Marshall Hanwell: An 'iPod' speaker on steroids

Let's face it, itsy-bitsy or even large tabletop Bluetooth speakers can't rock out, but the 23-pound Marshall Hanwell speaker delivers the goods.

The Marshal Hanwell speaker Steve Guttenberg/CNET

Regular readers of this blog may have noticed I'm not a big fan of any type of wireless speaker, and more specifically I have no love for Bluetooth or AirPlay speakers. For me the sound compromises that come with compact size and wireless technology are hard to swallow. I have less of a grudge against the smaller, under-$200 models; they produce "good enough" sound, but the more expensive models' sound pales next to a pair of wired Adam Audio , Audioengine , or Emotiva self-powered speakers.

So when I first spotted Marshall's $800 Hanwell speaker I wasn't interested. It looked awesome, a bit like a small practice guitar amp, and I just assumed it was a Bluetooth speaker. When Marshall's people said no, it's not any kind of wireless speaker, I couldn't believe it; why in 2013 would they introduce a speaker that can only be hooked up with a wire? Well, it's true, the Hanwell has just one input -- a 3.5mm jack -- and that was reason enough to check out this speaker. I'm glad I did, it's really pretty amazing.

The Hanwell's control panel Steve Guttenberg/CNET

The Hanwell sounds like a Bluetooth speaker on steroids, this 100 watt beast sports a pair of 6-inch woofers and dome tweeters, and the solid, 23 pound cabinet looks like a mini Marshall guitar amp. It's 17.1x7.6x11.7 inches, so the Hanwell is a good deal smaller than a real amp, but considerably larger than most Bluetooth speakers. It comes with a coiled, guitar-style cable, terminated with 3.5mm plugs at each end. The heavy-duty toggle switch for AC power is a nice, retro design touch. Priced at a hefty $800 the Hanwell is more expensive than most high-end BT speakers, but the Hanwell's sound crushes the competition. Yup, size matters. Amazon sells it for $600.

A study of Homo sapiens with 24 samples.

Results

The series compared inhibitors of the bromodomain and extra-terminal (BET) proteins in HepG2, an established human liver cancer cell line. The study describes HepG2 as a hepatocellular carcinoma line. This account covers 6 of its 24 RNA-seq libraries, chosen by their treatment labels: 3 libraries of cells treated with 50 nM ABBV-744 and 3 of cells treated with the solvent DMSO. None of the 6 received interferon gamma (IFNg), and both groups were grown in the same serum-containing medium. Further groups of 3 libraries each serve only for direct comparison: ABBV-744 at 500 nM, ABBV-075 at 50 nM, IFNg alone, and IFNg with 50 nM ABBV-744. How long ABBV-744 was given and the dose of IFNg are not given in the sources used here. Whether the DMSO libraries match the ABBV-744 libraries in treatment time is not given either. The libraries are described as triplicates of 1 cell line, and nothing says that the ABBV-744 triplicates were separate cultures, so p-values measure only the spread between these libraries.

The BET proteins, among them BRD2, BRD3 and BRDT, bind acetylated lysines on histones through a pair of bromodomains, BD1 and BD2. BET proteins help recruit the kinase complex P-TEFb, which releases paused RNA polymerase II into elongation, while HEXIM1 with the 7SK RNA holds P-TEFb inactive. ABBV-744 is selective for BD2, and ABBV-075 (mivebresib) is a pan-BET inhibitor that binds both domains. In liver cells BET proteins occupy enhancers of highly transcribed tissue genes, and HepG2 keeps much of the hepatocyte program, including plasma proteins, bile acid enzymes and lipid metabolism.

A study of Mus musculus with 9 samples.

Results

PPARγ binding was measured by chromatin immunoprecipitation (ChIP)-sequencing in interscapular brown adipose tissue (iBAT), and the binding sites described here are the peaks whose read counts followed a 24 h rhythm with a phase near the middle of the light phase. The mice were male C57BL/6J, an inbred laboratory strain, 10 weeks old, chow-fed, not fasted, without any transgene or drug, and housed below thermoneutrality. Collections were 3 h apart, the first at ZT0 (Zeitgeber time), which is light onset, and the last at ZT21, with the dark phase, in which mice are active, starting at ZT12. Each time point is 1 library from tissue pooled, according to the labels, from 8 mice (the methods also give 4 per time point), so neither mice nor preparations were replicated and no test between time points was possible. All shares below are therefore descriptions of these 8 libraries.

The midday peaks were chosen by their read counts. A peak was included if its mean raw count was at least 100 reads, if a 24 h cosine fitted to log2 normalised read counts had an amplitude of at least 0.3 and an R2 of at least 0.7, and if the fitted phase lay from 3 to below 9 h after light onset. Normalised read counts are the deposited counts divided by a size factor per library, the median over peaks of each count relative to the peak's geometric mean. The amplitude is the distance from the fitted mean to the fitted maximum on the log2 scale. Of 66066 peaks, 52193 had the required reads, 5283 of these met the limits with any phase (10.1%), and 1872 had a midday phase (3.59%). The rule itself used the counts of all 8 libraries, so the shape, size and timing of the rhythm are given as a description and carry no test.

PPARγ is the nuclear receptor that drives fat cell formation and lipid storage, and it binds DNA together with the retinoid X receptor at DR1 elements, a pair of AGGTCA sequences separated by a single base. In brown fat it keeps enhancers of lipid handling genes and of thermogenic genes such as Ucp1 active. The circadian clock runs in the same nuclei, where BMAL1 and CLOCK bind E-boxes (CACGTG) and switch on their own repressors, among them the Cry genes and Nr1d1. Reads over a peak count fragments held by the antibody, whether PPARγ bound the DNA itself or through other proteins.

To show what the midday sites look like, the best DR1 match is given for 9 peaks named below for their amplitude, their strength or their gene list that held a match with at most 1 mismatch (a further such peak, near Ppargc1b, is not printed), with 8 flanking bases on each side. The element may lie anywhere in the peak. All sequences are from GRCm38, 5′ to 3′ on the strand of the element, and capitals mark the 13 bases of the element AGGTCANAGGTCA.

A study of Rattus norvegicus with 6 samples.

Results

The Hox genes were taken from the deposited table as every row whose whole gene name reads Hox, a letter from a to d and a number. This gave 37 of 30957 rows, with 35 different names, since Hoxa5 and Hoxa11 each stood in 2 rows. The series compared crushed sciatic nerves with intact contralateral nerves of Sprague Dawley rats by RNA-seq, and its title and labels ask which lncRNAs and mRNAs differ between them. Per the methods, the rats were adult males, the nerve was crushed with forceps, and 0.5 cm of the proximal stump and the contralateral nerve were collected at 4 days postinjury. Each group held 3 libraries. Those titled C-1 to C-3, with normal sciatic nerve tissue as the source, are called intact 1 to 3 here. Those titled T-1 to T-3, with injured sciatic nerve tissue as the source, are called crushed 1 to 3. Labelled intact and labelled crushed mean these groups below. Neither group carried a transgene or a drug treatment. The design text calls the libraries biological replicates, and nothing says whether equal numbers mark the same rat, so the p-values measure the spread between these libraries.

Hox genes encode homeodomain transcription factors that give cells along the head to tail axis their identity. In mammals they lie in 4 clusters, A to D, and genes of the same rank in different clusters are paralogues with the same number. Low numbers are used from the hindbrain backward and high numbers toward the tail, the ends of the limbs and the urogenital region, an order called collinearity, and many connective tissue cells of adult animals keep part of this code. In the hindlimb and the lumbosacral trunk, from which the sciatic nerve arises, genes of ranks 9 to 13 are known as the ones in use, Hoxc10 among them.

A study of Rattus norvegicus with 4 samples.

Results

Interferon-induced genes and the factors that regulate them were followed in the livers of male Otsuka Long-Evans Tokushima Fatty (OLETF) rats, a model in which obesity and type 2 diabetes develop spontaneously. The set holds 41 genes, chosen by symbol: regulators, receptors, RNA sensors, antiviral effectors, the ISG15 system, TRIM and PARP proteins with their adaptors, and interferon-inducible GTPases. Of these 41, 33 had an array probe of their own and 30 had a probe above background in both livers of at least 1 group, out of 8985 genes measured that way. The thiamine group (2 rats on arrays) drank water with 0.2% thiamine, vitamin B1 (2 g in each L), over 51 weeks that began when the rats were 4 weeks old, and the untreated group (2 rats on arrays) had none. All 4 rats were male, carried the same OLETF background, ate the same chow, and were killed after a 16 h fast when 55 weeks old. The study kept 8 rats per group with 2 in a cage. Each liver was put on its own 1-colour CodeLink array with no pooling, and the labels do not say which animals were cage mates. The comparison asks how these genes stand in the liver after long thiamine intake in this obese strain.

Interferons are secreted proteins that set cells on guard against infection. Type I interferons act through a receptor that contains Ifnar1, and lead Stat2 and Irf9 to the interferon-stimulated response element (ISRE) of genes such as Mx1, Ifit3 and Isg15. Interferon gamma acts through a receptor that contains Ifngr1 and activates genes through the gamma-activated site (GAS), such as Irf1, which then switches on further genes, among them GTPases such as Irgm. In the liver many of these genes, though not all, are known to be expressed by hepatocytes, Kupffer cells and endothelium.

The Hanwell has stereo speakers, just like some BTs' do, but since the Hanwell's are right next to each other in a 17 inch wide cabinet the sound is strictly mono. That's true with all single speaker systems, regardless of price, so it's best to not even try to compare them with stereo hi-fi or desktop speakers. Single speaker systems can't fill a room with sound like a pair of speakers would, though the Hanwell is better than most I still miss not having stereo sound. I do like the Hanwell's easy to fiddle bass and treble control knobs, it's nice to be able to get the sound you like without exploring menus or sub menus.

This bad boy clobbers the punier BT/AirPlay competition with EDM, hard rock, reggae, or any bass heavy music, or any tunes that only come alive with real volume. The Hanwell can crank! Iced Earth or Metallica fans will have much to like here. ZZ Top's awesome new tune, "I Gotsta Get Paid," fully flexed the Hanwell's muscles. It's a sound you can feel, and that makes all the difference. More laid-back acoustic tunes sounded sweet overall, but the Hanwell's treble detail and "air" are in short supply.

I also used the Hanwell as a sound bar/TV speaker. Its potent bass and dynamic abilities were put to good use with "King Kong," and when the giant ape gets frisky the Hanwell put me in the action. The better sound bars are optimized for movie sound, so it's worth noting the Hanwell far outperforms most of them with music, especially if you want to really crank your tunes. The Hanwell's bass oomph outperforms that of most sound bars with separate subwoofers!

Smaller, sleeker BT and AirPlay speakers take up less space, but can't match the Hanwell for wham-bam dynamic jolts and low-end bass fullness. That said, there are much better ways of spending your money, if you prioritize sound quality over size. For example, pony up for a pair of self-powered speakers from Emotiva, specifically the Airmotiv 6s ($699/pair), or for even better sound buy a good stereo receiver, like the Onkyo TX-8020 ($199) and a pair of tower speakers, such as the Onkyo SKF-4800 ($349/pair). I'll review both Onkyos on this blog in the near future, but for now I'll say the sound won't disappoint. Dollar for dollar, the Onkyo system's sound is dramatically better than the Hanwell's, or any BT or AirPlay speaker on the planet.

Lots of people buy pricey BT and AirPlay speakers because all they need is good enough sound in the smallest possible package. That's cool, but if you can't deal with a pair of speakers the Marshall Hanwell will be the next best thing. Oh snap, you'll have to use a wire to connect your phone or MP3 player to listen to your tunes. If you care more about sound than going wireless it's worth the "hassle."

About the author

Ex-movie theater projectionist Steve Guttenberg has also worked as a high-end audio salesman, and as a record producer. Steve currently reviews audio products for CNET and works as a freelance writer for Home Theater, Inner Fidelity, Tone Audio, and Stereophile.